The turbulent republic of Nepal headed towards fresh prime ministerial elections on Monday, the third in two years, as its disgraced parties failed to lay aside differences over power-sharing.
Since the resignation of Prime Minister Madhav Kumar Nepal on June 30, the country has been under the rule of a caretaker government with the three major parties locking horns for the premier's post and failing to name a candidate acceptable to all the 25 parliamentary parties.
On Monday, the deadline given by President Ram Baran Yadav to form an all-party government expires. This is the second failed deadline after the grappling parties were unable to meet an earlier one last week and sought for more time.
Now with the president unlikely to grant yet another extension, it is likely that he will call for an election this week when the 601-member parliament will choose a new prime minister on the basis of simple majority.
Though Narayan Kaji Shrestha, deputy chief of the opposition Maoists, said his party will hold yet another round of negotiations with the two major ruling parties - the Nepali Congress (NC) and the Communist Party of Nepal-Unified Marxist Leninist (UML) -- it is nearly impossible that the three can thrash out a bargain at the last moment.
The traditional rivalry between the ruling parties and the former guerrillas worsened after the Maoists unveiled a new plan to dismantle their parallel armies, which was rejected by the NC and UML as being dilatory.
The ruling parties are also accusing the Maoists of welshing on their peace commitments and still continuing with extortion, violence and murders.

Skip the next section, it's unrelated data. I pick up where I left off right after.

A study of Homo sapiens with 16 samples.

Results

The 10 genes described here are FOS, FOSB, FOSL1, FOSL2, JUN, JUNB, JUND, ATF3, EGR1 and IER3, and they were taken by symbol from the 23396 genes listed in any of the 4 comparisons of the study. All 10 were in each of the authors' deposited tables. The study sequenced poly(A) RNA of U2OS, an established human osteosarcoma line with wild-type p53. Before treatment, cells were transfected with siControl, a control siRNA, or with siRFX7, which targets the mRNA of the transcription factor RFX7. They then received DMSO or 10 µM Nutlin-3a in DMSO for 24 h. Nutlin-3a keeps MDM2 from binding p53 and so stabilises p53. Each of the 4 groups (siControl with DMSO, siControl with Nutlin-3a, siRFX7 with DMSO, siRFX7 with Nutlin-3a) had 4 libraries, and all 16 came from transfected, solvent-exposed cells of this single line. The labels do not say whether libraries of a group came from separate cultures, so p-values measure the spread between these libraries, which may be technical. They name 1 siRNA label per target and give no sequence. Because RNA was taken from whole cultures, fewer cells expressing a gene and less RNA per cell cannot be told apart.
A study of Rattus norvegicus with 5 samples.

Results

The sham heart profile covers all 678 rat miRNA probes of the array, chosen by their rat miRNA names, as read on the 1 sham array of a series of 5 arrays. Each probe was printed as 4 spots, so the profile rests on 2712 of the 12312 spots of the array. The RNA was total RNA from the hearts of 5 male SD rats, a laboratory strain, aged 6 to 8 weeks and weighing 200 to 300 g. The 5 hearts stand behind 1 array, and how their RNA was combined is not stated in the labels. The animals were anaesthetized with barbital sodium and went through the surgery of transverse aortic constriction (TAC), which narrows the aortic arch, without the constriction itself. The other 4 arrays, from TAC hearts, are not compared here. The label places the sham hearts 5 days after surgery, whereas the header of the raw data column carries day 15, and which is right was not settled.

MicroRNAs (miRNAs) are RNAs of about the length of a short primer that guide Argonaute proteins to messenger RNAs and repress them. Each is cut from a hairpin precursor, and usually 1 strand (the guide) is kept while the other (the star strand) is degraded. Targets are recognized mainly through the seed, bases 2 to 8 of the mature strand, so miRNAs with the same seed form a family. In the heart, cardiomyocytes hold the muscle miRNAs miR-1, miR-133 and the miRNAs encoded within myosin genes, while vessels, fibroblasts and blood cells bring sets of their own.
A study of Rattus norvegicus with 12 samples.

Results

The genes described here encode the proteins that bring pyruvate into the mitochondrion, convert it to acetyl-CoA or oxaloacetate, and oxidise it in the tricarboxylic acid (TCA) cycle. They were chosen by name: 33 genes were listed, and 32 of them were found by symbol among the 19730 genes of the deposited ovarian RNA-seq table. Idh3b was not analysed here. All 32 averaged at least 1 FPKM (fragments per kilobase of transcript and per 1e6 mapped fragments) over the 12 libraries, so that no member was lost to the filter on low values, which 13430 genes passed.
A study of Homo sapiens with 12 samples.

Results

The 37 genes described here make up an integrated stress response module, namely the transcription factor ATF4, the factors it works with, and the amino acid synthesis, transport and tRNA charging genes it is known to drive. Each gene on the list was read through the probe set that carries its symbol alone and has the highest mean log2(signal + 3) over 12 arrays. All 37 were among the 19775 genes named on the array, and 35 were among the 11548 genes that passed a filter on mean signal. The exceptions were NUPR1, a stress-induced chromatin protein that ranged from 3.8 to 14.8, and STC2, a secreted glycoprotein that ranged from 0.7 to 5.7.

The caretaker prime minister last week accused the former rebels of engineering the murder of a party leader, who was stabbed to death in eastern Nepal Thursday.
The widening rift between the three has paralysed Nepal's fragile peace process and halted the writing of a new constitution.
It has also prevented the government from tabling the budget for the new financial year. With the current one ending Friday, the caretaker government decided to table a mini budget Monday to avoid a financial crisis.
The mini budget will allow the outgoing government to access only one-third of funds so that it can address immediate needs like paying salaries. It means development, education and health programmes will be put on hold till a new government is formed.
However, given the lack of consensus, an elected prime minister is not likely to end Nepal's woes.
The outgoing premier still enjoys majority support. Yet he had to quit due to continuous obstruction by the Maoists.
The Maoists, the biggest party in parliament after the 2008 elections, say they have been mandated by the people to lead the government.
However, since they fell short of majority, they can't form the new government on their own. And given their continuous flouting of the peace accord, none of the other major parties are willing to support them.
Unless a miracle occurs, the prime ministerial election is likely to witness what Maoist chief Prachanda in the past dubbed a "dirty game" - horse-trading and floor-crossing.